Lucien Pissarro

Almond Trees, Le Lavandou


Not on display

Lucien Pissarro 1863–1944
Oil paint on canvas
Support: 597 × 730 mm
frame: 830 × 960 × 70 mm
Purchased 1924

Display caption

Lucien Pissarro was the eldest son of the French Impressionist painter, Camille Pissarro. As an artist, he was greatly influenced by both his father and, for a period, Seurat. He moved to England in 1890, and was a founder member of the Camden Town Group in 1911. He became a British citizen in 1916, but liked to call himself a 'Channel painter', paying the first of his many visits to the South of France in 1922. In the winter of 1922-3 he took a furnished house at the small seaside resort of Le Lavandou, in the Var province, to be near his ill mother. This country scene of almond trees in blossom was one of sixteen works he painted there.

Gallery label, August 2004



The clear winter sky of Provence is recorded in the light tonality of this painting. Le Lavandou, at the time this painting was made in 1923, was a small fishing village on the western end of the French Riviera, between Hyères and St Tropez. Pissarro’s diary for that year opens with him and his wife Esther staying at the Villa Boniol at Bormes-les-Mimosa, just outside Le Lavandou.1 They rented this house partly for reasons of his health, allowing him to escape the British winter, but also in order to be with his elderly mother, who was staying with them and was unwell (she died in 1926). They were able to afford this visit after the success of his exhibition at the Leicester Galleries in London in October 1922.2 On 20 January, he started a picture of mimosas,3 and four days later began to paint the almond trees, as his diary reads:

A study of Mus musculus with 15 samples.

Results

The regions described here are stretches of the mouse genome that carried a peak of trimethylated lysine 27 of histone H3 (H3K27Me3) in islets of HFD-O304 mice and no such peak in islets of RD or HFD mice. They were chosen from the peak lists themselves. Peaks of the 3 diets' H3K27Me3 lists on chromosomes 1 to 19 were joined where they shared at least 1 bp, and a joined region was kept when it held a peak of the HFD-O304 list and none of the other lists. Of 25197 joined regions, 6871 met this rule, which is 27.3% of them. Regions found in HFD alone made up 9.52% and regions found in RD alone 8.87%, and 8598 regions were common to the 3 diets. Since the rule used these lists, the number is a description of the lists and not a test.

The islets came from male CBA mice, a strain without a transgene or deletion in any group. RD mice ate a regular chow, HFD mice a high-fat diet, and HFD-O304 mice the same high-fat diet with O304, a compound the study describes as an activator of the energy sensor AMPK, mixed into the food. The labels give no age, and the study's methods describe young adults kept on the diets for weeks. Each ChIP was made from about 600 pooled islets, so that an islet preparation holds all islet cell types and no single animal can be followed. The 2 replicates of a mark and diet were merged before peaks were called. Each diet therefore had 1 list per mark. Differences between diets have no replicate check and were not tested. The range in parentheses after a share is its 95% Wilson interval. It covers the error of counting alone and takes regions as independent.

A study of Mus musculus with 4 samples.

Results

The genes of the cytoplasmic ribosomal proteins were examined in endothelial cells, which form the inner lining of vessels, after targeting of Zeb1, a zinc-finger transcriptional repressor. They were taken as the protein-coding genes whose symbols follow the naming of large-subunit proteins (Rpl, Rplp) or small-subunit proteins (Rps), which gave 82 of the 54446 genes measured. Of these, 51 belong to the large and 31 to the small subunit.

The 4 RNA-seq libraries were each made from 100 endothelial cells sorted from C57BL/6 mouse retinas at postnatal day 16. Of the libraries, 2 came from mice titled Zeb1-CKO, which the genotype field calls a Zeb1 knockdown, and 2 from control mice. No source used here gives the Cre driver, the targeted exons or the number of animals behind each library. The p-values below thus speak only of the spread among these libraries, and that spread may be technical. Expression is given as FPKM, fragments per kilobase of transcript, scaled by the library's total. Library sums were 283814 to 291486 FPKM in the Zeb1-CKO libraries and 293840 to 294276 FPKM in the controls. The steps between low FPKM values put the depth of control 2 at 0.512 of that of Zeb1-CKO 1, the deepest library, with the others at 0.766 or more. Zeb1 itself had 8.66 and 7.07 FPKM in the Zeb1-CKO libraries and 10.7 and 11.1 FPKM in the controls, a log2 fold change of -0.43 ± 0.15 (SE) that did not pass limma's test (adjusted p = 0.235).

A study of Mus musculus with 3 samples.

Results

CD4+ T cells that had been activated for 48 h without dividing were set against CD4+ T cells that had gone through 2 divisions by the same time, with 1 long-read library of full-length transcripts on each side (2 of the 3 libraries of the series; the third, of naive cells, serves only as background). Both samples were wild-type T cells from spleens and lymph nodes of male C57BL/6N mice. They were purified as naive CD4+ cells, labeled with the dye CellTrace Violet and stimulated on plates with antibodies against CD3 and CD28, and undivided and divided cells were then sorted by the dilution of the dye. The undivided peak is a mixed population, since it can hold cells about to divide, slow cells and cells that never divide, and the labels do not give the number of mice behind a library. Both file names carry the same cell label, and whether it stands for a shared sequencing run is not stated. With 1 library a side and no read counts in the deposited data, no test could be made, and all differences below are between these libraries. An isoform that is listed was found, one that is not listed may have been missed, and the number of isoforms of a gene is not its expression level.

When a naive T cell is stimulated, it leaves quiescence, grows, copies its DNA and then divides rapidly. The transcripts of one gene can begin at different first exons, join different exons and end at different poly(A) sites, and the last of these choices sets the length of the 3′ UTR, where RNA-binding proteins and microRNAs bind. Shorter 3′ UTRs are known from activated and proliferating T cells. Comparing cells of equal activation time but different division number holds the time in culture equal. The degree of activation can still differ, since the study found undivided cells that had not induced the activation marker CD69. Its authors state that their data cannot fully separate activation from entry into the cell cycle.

24 Morning. drew in preparation for Almond Blossom.
25 Mrng. Continuation of preparation for Almond Blossom
26 dito
27 dito
28 Morning. Almond Blossom
29 Morning. Almond Blossom the flowers are very slow to come.
2 Mrg: did Almond Blossom
6 Morning worked at Almond Blossom the flowers are only beginning and give me a lot of trouble to put right with the rest of the picture.
7 mrng. Almond Blossom
13 Matin. Amandiers en Fleurs
14 Matin. Grey. Went to the Amandiers but sun disappeared. Could not work
15 Matin. finished Amandiers en fleurs.
It thus took twelve mornings’ work to make this painting over a period of twenty-three days, in the middle of which he seems to have slowed up to await the opening of the blossom. The colour is applied quite thinly in comparison to the earlier paintings by Pissarro in the Tate collection, and the white ground of the canvas shows through in various places, especially around the trunks and branches of the trees. The canvas is unpainted in each top corner, behind the rebate of the frame, perhaps because of some clips to keep it on the easel. The blossom of the five almond trees is dabbed on top of the painting of the branches, in shades of pink with blue, red and mauve.

David Fraser Jenkins
October 2002


The diary is in the Ashmolean Museum, Oxford.
W.S. Meadmore, Lucien Pissarro: Un Coeur simple, London 1962, p.182.
Private collection, on loan to Birmingham Museum and Art Gallery. Anne Thorold, A Catalogue of the Oil Paintings of Lucien Pissarro, London 1983, no.359.
Quoted ibid., p.22.
Ibid., nos.353–62, 364–70.
James Laver, Portraits in Oil and Vinegar, London 1925, pp.31–2.
J.B. Manson, Hours in the Tate Gallery, London 1926, p.128.
Thorold 1983, no.360.
Memorial Exhibition of Paintings and Water-colours by Lucien Pissarro, 1863–1944, Leicester Galleries, London, January 1946.